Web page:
I want to write about Zimbabwe. And yet I don't. I've posted a few times in the last month about the Zimbabwean refugees. I had some idea about what what going on in Zimbabwe but nothing prepared me for my visit to Victoria Falls. I actually wasn't all that keen to go to the 'Zim-side', I wanted to see the falls from Zambia. I didn't want to support Mugabe's government with my park entrance and visa fees. But our travel agent organised a tour to Zim, and it was too hard to change it once we got to Kanase. I'm not sure why I feel the need to point this out, because I still went, so clearly my political boycotting can be bought. Fairly cheaply too.

But I digress.

As soon as we reached Victoria Falls township it was clear that this was not the place it had once been. This is a town that once bustled. Victoria Falls Hotel was listed in the top 10 most luxurious hotels in the 1980s. There are still several five-star hotels located on the main street. They have guards outside, but no guests. The place is a ghost town. The streets were empty of cars, excluding the tourist safari vans, and locals walked around with bare feet, sitting under trees playing board games made from old cardboard and bottle tops.

First stop was a Baubab tree that is 1800 years old. David Livingstone, who is credited with "discovering" the falls, talks about this tree in his journal. It's pretty famous as trees go and everyone stops for the requisite picture (the tree is huge - approximately 10m wide). From out of the bush came these men.

It reminded me of Cambodia, only they were more desperate.

Many of them didn't want money. They wanted my socks. And my pen. And my t-shirt. Would I trade my socks for such-and-such. What about a pen for a sister who needs it for school?

These men were so desperate that even after we got back into the minivan they kept trying to make a sale. The door was closed on them by our tour guide, their hands still reaching inside in case we might suddenly change our minds.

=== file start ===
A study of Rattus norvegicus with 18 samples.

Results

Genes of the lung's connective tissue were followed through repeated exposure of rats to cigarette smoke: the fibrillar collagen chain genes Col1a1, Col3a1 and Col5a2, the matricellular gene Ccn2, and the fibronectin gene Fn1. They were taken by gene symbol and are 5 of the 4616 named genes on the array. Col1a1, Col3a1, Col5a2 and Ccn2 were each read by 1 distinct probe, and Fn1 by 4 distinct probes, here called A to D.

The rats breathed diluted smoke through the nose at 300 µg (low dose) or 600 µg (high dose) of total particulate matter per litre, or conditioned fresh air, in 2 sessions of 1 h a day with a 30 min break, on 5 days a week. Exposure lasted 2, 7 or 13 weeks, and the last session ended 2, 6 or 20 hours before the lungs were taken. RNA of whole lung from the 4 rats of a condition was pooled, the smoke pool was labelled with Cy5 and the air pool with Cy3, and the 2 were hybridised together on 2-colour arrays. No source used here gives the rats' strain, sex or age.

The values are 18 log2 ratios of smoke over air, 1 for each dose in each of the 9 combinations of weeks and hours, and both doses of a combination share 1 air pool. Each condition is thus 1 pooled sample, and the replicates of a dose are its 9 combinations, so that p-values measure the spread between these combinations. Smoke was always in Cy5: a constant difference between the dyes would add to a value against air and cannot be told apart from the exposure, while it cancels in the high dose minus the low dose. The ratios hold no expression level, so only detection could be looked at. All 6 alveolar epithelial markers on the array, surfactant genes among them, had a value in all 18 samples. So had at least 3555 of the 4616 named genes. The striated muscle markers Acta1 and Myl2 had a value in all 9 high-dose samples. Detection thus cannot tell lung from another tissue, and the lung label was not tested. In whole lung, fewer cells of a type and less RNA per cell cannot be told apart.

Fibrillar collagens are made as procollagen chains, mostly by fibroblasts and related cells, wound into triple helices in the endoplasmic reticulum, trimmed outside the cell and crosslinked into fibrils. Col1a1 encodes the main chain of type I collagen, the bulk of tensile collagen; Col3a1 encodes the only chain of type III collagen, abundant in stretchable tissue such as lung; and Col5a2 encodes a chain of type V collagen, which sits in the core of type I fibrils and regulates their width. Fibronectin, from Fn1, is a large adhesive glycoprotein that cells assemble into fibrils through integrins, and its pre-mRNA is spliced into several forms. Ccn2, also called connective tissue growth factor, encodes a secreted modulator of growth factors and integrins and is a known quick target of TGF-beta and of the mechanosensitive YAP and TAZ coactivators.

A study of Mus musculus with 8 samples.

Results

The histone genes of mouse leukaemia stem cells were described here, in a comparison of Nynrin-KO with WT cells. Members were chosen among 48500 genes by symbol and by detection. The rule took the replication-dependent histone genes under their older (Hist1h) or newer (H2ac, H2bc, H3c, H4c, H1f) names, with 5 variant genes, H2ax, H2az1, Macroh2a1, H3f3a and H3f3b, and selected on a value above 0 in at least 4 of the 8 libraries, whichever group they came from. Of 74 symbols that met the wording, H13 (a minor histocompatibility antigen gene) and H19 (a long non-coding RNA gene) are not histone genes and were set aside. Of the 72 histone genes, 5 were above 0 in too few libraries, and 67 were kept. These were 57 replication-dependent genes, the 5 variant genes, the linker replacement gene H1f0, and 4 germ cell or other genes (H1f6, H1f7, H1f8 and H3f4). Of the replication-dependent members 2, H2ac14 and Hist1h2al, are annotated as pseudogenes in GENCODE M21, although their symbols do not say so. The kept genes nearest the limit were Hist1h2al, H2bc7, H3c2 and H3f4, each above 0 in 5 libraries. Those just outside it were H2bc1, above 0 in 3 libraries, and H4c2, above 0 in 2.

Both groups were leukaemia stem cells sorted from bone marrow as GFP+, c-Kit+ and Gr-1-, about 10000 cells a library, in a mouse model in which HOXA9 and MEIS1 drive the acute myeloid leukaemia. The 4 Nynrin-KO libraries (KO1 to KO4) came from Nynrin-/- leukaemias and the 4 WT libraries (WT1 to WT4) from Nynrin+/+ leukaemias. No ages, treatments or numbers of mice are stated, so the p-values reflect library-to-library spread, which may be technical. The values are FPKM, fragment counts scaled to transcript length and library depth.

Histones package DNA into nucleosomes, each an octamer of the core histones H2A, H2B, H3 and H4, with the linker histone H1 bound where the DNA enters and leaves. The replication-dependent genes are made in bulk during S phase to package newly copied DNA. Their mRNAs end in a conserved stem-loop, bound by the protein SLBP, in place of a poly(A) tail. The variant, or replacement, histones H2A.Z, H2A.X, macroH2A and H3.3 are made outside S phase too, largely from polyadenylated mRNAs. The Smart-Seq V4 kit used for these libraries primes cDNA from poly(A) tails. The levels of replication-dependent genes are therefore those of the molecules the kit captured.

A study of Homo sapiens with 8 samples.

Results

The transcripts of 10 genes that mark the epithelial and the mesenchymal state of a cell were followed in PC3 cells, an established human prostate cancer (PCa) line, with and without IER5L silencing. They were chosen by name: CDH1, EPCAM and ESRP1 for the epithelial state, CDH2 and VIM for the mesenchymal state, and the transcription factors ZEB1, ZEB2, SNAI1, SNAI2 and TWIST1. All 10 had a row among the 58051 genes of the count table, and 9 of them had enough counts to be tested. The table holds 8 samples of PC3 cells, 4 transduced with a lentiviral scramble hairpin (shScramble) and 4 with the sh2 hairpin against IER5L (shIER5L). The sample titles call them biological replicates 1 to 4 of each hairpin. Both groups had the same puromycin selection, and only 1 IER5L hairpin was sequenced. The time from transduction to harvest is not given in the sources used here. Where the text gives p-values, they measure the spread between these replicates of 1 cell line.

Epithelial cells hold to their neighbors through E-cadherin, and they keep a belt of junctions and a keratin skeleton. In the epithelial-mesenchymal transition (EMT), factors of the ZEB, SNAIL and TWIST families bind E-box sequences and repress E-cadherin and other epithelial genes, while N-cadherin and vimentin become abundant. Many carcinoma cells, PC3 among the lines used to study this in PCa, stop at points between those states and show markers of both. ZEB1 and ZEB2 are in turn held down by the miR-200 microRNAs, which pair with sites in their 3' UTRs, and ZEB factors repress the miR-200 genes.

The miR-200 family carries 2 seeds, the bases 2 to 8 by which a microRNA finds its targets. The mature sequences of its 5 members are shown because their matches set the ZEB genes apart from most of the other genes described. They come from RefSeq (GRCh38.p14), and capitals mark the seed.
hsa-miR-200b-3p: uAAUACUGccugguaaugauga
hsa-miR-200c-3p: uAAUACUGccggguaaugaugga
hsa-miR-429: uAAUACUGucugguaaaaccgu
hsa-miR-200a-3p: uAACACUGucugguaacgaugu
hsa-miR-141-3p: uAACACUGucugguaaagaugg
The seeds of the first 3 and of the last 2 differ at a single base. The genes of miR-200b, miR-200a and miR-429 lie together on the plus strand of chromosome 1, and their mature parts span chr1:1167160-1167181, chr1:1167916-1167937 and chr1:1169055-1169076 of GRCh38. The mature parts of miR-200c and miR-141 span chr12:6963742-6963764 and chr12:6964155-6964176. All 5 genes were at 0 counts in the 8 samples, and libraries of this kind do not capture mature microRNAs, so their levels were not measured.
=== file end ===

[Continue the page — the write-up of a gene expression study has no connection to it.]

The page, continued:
It's hard not to be affected by such desperation.

But then the falls. Magnificent even at the end of the dry season. The surrounding area is a national park and there are no gaudy signs or tacky tourist stands to prevent you from fully enjoying the natural beauty of the place. There are well maintained paths stopping at various vantage points so you can meditate, take pictures and marvel. The falls provide an otherwise arid area with a humidity and mist that allows green (green!) plants to grow and the whole place is, well, a wonder of the world.

I know that I'm getting a bit prophetic but it is perhaps the contrast between the falls and the township that is so stark. We 'lunched' (sic) at Victoria Falls Hotel. This place is really the only place to eat in the town now, so most tour groups stop here. The once exclusive hotel has been reduced to serving lunch to backpackers.

There is still very much an old-world colonial charm to this place. The lunch terrace looks over manicured lawns, out to the gorge and the bridge separating Zambia and Zimbabwe. When the falls have more water, mist drifts up from the gorge in large billowing clouds obscuring the bridge. It is still a very special place to have lunch. And yet. There are locals outside asking for my socks and my pens for artwork that must have taken hours, if not day to finish. Most of the people eating lunch were white with a smattering of middle-class African tourists. I couldn't hep wondering if this is what Mugabe envisaged.


katie@weheartbooks.com said...

Great post Clare - sounds gut-wrenching. Your description makes me feel like I've experienced some of it.

Sue said...

This post makes me feel a degree of desperation and impotence.